The National Coronavirus Recovery Commission announced a five-phase plan to get the American economy and public health “back to normal” after the COVID-19 pandemic.
The 17-member commission established by The Heritage Foundation had its first formal and virtual meeting Thursday.
“Americans want to ensure their families are kept safe and healthy,” said commission Chairwoman Kay C. James, president of The Heritage Foundation.
The five phases outlined by the commission are:
—Return to a more normal level of business activity at the regional level based on scientific data.
—Slow the spread of the coronavirus while expanding testing, reporting, and contact tracing.
—Continue to build the science.
—Establish U.S. leadership in leading the free world in economic recovery.
—Reduce future risks of pandemics.
“The commission agrees that it is critically important to build the American people’s confidence that we can safely return to some semblance of normal soon,” James said, adding:
The way to build that confidence is to adopt a phased approach that mitigates the spread of the coronavirus, vastly improves testing, expands our capabilities to quickly find treatments and possibly a cure, and then allows Americans to gradually return to work. We must also look at ways to ensure we are better prepared to confront future pandemics.
For the first phase, Americans’ gradual return to the workplace would be done only after stabilizing the health care system; establishing enhanced testing, reporting, and contact tracing; and continuing to follow guidelines on mitigation from the Centers for Disease Control and Prevention.
During a conference call Wednesday with reporters, Dr. Bill Frist, a physician and former Senate majority leader who is on the commission, said the return to former work habits and places would be “community by community, not state by state.”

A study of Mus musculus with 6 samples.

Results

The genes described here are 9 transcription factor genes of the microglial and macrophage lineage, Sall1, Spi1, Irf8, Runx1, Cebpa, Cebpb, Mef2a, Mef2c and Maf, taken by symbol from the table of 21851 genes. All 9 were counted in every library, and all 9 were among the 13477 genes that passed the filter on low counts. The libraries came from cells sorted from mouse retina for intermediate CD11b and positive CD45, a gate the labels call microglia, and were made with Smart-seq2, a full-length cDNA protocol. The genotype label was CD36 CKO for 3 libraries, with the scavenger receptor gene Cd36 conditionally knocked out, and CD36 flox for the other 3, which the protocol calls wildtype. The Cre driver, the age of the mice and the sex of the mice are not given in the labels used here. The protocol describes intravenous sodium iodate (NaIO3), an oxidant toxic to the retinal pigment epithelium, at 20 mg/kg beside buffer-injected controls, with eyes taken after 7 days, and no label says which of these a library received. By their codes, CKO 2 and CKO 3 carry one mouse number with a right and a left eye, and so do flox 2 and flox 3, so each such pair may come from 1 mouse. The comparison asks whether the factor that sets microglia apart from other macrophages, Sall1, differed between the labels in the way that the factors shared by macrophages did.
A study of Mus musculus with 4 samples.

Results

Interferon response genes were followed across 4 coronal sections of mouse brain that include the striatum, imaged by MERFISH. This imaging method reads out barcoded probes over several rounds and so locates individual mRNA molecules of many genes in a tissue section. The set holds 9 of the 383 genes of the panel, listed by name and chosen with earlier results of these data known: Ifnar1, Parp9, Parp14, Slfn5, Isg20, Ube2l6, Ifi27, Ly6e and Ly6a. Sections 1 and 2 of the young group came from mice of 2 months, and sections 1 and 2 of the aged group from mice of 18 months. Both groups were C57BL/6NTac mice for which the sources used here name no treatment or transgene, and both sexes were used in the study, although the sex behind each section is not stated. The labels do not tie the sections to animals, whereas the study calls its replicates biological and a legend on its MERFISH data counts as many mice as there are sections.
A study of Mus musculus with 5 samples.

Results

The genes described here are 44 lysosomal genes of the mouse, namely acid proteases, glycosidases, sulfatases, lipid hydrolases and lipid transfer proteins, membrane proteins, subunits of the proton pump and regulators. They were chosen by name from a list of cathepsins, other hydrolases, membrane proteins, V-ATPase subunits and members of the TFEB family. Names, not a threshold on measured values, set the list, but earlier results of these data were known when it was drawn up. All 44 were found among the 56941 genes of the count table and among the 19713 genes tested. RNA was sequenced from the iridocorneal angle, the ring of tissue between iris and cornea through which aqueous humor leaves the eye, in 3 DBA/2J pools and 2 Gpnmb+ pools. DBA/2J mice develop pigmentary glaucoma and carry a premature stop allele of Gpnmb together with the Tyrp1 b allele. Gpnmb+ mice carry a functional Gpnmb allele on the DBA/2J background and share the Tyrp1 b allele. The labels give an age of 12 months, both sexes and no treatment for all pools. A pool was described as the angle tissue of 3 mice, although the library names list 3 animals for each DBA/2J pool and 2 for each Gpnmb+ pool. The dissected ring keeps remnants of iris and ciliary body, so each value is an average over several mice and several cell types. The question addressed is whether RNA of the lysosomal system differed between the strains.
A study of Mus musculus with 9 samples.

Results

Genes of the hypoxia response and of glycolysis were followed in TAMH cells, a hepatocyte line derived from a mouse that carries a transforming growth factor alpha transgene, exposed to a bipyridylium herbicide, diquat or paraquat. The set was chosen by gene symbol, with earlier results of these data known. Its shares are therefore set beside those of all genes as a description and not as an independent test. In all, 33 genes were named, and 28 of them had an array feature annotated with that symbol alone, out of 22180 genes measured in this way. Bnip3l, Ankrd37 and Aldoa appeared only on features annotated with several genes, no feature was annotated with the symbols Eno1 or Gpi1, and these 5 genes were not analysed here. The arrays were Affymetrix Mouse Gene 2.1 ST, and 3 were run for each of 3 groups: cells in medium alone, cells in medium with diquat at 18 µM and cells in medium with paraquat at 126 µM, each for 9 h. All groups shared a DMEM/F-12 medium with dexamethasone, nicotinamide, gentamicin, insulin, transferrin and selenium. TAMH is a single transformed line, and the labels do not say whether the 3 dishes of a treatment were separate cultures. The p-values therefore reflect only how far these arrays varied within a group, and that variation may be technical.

Slowing the spread, the second phase, is achieved by following the guidelines for hand-washing, social distancing, and other precautions set by the Trump administration’s Centers for Disease Control and Prevention.
The third phase would increase and expedite the availability of new diagnostic tests while supporting acceleration of proven therapeutics and vaccines.
The fourth, establishing U.S. leadership, will involve implementing “risk-informed measures to reestablish international travel while limiting threat of reinfection,” according to the commission.
The commission also suggests partnering with key strategic allies, including Western Europe and the Indo-Pacific, empowering economic freedom and partnerships in free markets.
The National Coronavirus Recovery Commission proposes to reduce future risks of pandemics by investing in national and state stockpiles, reforming supply chains, developing the supply of antiviral agents, seeking to develop vaccines for coronaviruses, and investing in an international biosurveillance network to detect and contain emerging infectious diseases through coordination and cooperation.
The commission, which is set to meet again April 20, is accepting suggestions from the public at CoronavirusCommission.com.
The Heritage Foundation established the commission—which includes experts from government, public health, disaster response and relief, academia and education, business, and the faith community—to provide policymakers and the public with recommendations on steps needed to move prudently toward recovery from the pandemic.